If you’e listened to this week’s episode of Funnybooks with Aron and Paulie, you’ll know I had about $300 in credit at www.mycomicshop.com to play with over the holidays, and spend it I did! In addition to buying an assload of Extreme Studios comics from the early 90’s, I also raked in a couple of trade paperbacks. As if that wasn’t enough, I hit up some comic shops over the holidays as well and picked up some more trades! After the jump, check out my bite-sized reviews of a couple of my recent purchases, including:
- The Life and Times of Scrooge McDuck
- X-Force, Vol. I: Angels and Demons
The Life and Times of Scrooge McDuck
Absolute brilliance. This new, beautiful hardcover from Boom! Studios collects the first half of Don Rosa’s epic re-telling of the life of the richest duck of Duckburg, originally released in 1995 in the United States in issues of the Uncle Scrooge comic. I honestly thought the comics were actually older, and was shocked that they were only 15 years old, partly because the tales told here are told in a very classic Disney-comic style, reminiscent of a lot of the Disney comics and reprints I read as a little Paul.
Don Rosa did an EXTREME amount of research to tell this tale – almost Alan Moore-level. Yes, in a Scrooge McDuck comic book. Not only did Don Rosa research every instance of Scrooge’s past from Carl Barks run on the title, but also coordinated it with real events in American history. This book includes the original tales, beautifully rendered, but also includes Rosa’s commentary on each tale, describing hidden gags, and how the tale fits in with both Scrooge’s history, and American history. This book won an Eisner Award during it’s initial 1995 release, and it’s well deserved. Follow Scrooge as a penniless young boy to his rise to wealth (which comes in Vol. II). This book, quite simply, is one of the best comics I have EVER read.
Next up is something from the complete opposite end of the spectrum, the blood and guts mature X-Force title. Angels and Demons collects the first six issues of the title, which began shortly after the X-crossover Messiah Complex. Cyclops has decided that he’s tired of screwing around and decides to put together a black ops team that will be more proactive, rather than reactive. In fact, instead of stopping the baddies, they’re going to go out, find anti-mutant villains, and kill them as violently as possible.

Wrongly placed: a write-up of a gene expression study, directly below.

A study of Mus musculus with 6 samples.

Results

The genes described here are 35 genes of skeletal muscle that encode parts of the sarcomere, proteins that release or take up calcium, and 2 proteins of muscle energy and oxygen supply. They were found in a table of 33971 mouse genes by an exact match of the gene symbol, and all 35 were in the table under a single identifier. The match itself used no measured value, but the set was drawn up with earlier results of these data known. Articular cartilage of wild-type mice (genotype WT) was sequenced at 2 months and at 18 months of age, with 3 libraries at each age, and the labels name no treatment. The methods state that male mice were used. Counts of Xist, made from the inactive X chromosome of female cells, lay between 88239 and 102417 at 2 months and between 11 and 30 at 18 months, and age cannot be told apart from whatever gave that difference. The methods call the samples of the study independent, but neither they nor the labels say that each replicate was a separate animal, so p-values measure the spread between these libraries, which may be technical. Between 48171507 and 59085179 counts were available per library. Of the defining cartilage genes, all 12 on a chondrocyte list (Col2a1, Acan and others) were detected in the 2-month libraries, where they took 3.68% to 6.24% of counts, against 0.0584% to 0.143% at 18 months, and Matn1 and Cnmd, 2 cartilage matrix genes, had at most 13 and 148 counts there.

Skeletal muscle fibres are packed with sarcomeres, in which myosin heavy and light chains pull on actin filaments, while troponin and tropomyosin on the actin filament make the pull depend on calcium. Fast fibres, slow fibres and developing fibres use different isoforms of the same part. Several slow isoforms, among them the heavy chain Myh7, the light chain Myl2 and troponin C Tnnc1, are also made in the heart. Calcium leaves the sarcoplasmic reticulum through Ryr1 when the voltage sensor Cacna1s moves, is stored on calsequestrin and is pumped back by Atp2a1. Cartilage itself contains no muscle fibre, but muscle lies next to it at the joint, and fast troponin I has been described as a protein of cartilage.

First on the list is Bastion – who’s using an old X-Men villain to rebuild mutant haters into cyborgs who will help him take out the remaining mutant populace, now just under 200. X-Force comes to use from the writing team of Chris Yost and Craig Kyle, featuring computer painted art by Clayton Crain. X-Force really is a good read, but it falters a bit because there’s just not enough exposition to explain who the characters are. While the X-Force characters are all explained well enough, the baddies had me a little lost, as I got the impression I was supposed to know who they were, but I certainly didn’t, and some of the grand reveals had little to no impact on me, save for Crain’s beautiful visuals. He’s definitely an acquired taste, and his art is DARK – to the point that this is definitely not bedside reading because, unless you have a particularly bright lamp, you’re likely not to make out some of the panels.
While I can’t whole-heartedly recommend X-Force to new readers, it’s definitely worth picking up if you have a passing familiarity in the X-Universe. But it’s definitely going to be enjoyed more by those familiar with the villains of the book, and with an understanding of the characters. This is most definitely a book made for Wolverine, and I kind of wish it was the sole team book to feature the character, as no other team book seems to capture his essence as perfectly as this one.
Incognito is Ed Brubaker and Sean Phllips’ pulp noir supervillain comic that had everybody talking and comic shops quickly selling out upon its release, and with good reason. Incognito is absolutely fantastic. Zach used to be known as Zach Overkill but, after ratting out the badguys to the government, is put into witness protection. But after years of being a file clerk, Zach wants to do something more – to get a taste of his old life. So he stops taking the superpower-inhibiting drugs the government is giving him and, instead of causing crimes, he starts stopping them!
Incognito is mature, hard hitting, intense, and just a damn good read. This book is definitely the type of book people looking for more adult-oriented superhero action should look into. This isn’t some generic adult superhero book with sex for sex sake, or an overly stupid amount of violence. It’s smartly written, excellently drawn, and something every superhero fan should check out.